National Pride Remains High in Switzerland
Article Archive

National Pride Remains High in Switzerland

Significant support for bilateral agreements, but there is an alternative with majority support, when both first and second priorities are taken into account. Switzerland's reputation abroad has improved, but politicians should exercise more restraint.

One of the key questions for a small country is how to interact with neighboring countries. With its eight and a half million consumers, the Swiss sales market is (too) small, so it is all the more important to have access to foreign consumers. For example, pharmaceutical company Novartis generates just 2 percent of its sales in the Swiss market.

Switzerland's largest trading partner by far is the European Union, where the country exports more than half of goods (compared to 15 percent for the US and 5 percent for China). Asked what kind of relationship the respondents would like to have with the EU as a first or second priority, 60 percent said they support a continuation of the bilateral agreements. This figure increased sharply last year (to 81 percent), perhaps in response to the discussion about implementation of the mass immigration initiative. The current figure is similar to 2014 (66 percent) and 2015 (60 percent).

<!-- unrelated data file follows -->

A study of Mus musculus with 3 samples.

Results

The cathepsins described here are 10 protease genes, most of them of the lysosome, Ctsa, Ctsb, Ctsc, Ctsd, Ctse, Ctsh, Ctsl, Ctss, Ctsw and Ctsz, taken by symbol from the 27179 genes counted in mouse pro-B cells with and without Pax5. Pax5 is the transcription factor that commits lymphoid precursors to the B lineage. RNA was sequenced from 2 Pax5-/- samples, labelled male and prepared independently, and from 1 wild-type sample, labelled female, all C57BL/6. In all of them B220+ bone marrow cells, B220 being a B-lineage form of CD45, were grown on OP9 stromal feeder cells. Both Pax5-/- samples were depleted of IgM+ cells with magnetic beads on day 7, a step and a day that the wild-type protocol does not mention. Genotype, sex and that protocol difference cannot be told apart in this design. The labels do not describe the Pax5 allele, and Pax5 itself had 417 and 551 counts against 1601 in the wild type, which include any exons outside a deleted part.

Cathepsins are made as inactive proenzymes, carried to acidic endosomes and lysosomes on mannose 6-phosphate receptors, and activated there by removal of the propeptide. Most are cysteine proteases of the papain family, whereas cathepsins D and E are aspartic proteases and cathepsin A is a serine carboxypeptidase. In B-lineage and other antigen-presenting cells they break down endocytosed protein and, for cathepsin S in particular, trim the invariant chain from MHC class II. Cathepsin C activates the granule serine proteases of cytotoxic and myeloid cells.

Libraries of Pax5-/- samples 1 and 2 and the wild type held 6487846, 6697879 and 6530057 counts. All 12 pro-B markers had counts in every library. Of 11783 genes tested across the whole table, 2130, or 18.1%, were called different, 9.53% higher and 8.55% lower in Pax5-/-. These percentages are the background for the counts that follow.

Switzerland and the EU – Shaping the Future Relationship

So the status quo is broadly supported. At the same time, it is interesting to note that more than one in four respondents would like to end the agreements. And the preference for accession to the EEA, which would even scrape a 51 percent majority vote, is even higher when both first and second priorities are taken into account. So from the point of view of the respondents, there is an alternative to the bilateral agreements. There would be no chance of accession to the EU, however, which is supported by only 21 percent of respondents.

Everyone is a patriot

A gap opens up between the government and the people when they are asked how Swiss politicians behave toward other countries (increasingly aggressively) and how they should behave (more defensively). Perhaps this is because those surveyed believe that Switzerland's image abroad has continuously improved over the last few years and they do not want brash behavior to jeopardize the good reputation that Switzerland now enjoys. The Swiss are extremely proud of their country and their new national identity is closely linked with a global world – so good relationships with the country's neighbors are all the more important, and nothing should be done to jeopardize them.